A guest blog entry by Mary Wolf (student, world citizen)
In today’s exponentially increasing urbanized and industrialized world, pets hold an integral role in helping humanity to feel like a part of the natural world around them.
The word pet can mean many things to many different people. In the context of this article, I will be defining pets as any living non-human species from the animal kingdom that co-habitat with a human household, with specific focus on cats and dogs.
The bonds between cats and dogs and their owners is extremely strong due to the fact that owners have a longer life span than the aforementioned pet possibilities and pets can mimic human characteristics in their ability to communicate on a very low level, often taking on human mannerisms of many kinds and allowing them to be seen at times as if people.
Further, the bond between a pet and its owner is therapeutic both emotionally and physically. In fact, this bond is so close that in a survey administered by the American Pet Products Manufacturers Association (2008), 84% of pet owners believe that pets make their family and home life emotionally or physically healthier, and 70% describe playing with or confiding in their pets as a relaxing or calming experience which allows them to “cope better with life and the associated stresses of our fast-paced society when they are stressed or worried” (APPMA, 2008).
Despite possible negatives associated with pet ownership, such as financial and time commitments, it seems interesting that so many Americans find it necessary to have a pet to ensure their emotional well being. In C. Wright Mills’ Sociological Imagination he says that, “neither the life of an individual nor the history of a society can be understood without understanding both” (Mills, 1959). Mills (1959) further argues that we must look at historical contexts to understand why the definition of family is becoming such a fluid concept. Societal standards have moved rapidly in the past one hundred years from a simplistic view of the family as being a mother, father, and 2.5 children on average. The view has now changed to that of family being comprised of those who love and support you, regardless of blood or legal ties.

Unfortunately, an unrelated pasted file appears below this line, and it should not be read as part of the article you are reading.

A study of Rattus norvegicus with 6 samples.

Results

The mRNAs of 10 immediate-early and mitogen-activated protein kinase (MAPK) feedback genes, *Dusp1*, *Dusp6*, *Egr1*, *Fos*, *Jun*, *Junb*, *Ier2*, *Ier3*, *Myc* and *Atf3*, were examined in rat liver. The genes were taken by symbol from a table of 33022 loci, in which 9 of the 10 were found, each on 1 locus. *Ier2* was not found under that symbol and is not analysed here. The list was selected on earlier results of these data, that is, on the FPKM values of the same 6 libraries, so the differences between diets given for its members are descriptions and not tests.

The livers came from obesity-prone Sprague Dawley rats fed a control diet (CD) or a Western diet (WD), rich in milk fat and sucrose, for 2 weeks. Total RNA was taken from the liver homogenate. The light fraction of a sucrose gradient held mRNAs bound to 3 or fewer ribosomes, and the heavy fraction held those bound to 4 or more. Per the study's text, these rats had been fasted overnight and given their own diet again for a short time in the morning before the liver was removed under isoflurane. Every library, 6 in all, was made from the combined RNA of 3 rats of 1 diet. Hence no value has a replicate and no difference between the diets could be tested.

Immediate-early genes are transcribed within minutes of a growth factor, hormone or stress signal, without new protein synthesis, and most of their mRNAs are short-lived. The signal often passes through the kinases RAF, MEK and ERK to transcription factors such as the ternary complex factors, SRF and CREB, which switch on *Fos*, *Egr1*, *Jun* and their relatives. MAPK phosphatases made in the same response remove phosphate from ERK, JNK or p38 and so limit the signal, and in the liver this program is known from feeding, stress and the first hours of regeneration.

So then, it makes sense that as a society we would begin to include pets in the varying definitions of family.
And even among the varying degrees of emotional support that pets give their owners, it seems certain that pets are quickly becoming rightful members of millions of American families from all walks of life. While the money spent on pets could possibly be used for what some might consider a greater good of society, such as put an end to poverty or other societal ills, people are putting their need to care for a dog before many other things. While this may seem counter-intuitive, it stems from the self based society that we live in, where we are continually trying to better ourselves and our family rather than our community, state, and/or country.
In a society based around rewards and punishment, it follows that conformity to the norm is the “best” way to live your life. As pets become more and more popular among mainstream individuals and families, those without pets may have the desire to conform to this standard. Even individuals who may be allergic to cats or dogs can purchase special hybrid non-allergenic pets, driven by a need to conform to standards of materialistic goals of society.
Pet ownership is beneficial at both the micro and macro levels of society, with an end result of furthering the socialization of pet owners. With such a focus on this socialization process, sadly many pets are left in shelters or homeless everyday. But millions more pets are truly touched by the relationships built with their owner, making pet ownership a necessary factor in our society.
Clearly, the ever changing definition of family fits snuggly into the socio-historical context of the breakdown of the nuclear family and the construction of a much more fluid concept of family to include friends and pets.
(APPA) American Pet Products Association, Inc. 2008. “Pet owner Industry Trends.” Website, http://www.americanpetproducts.org/press_industrytrends.asp, date accessed December 1, 2009.
Mills, C. Wright, 2000(1959). The Sociological Imagination: 40th Anniversary Edition. Oxford University Press.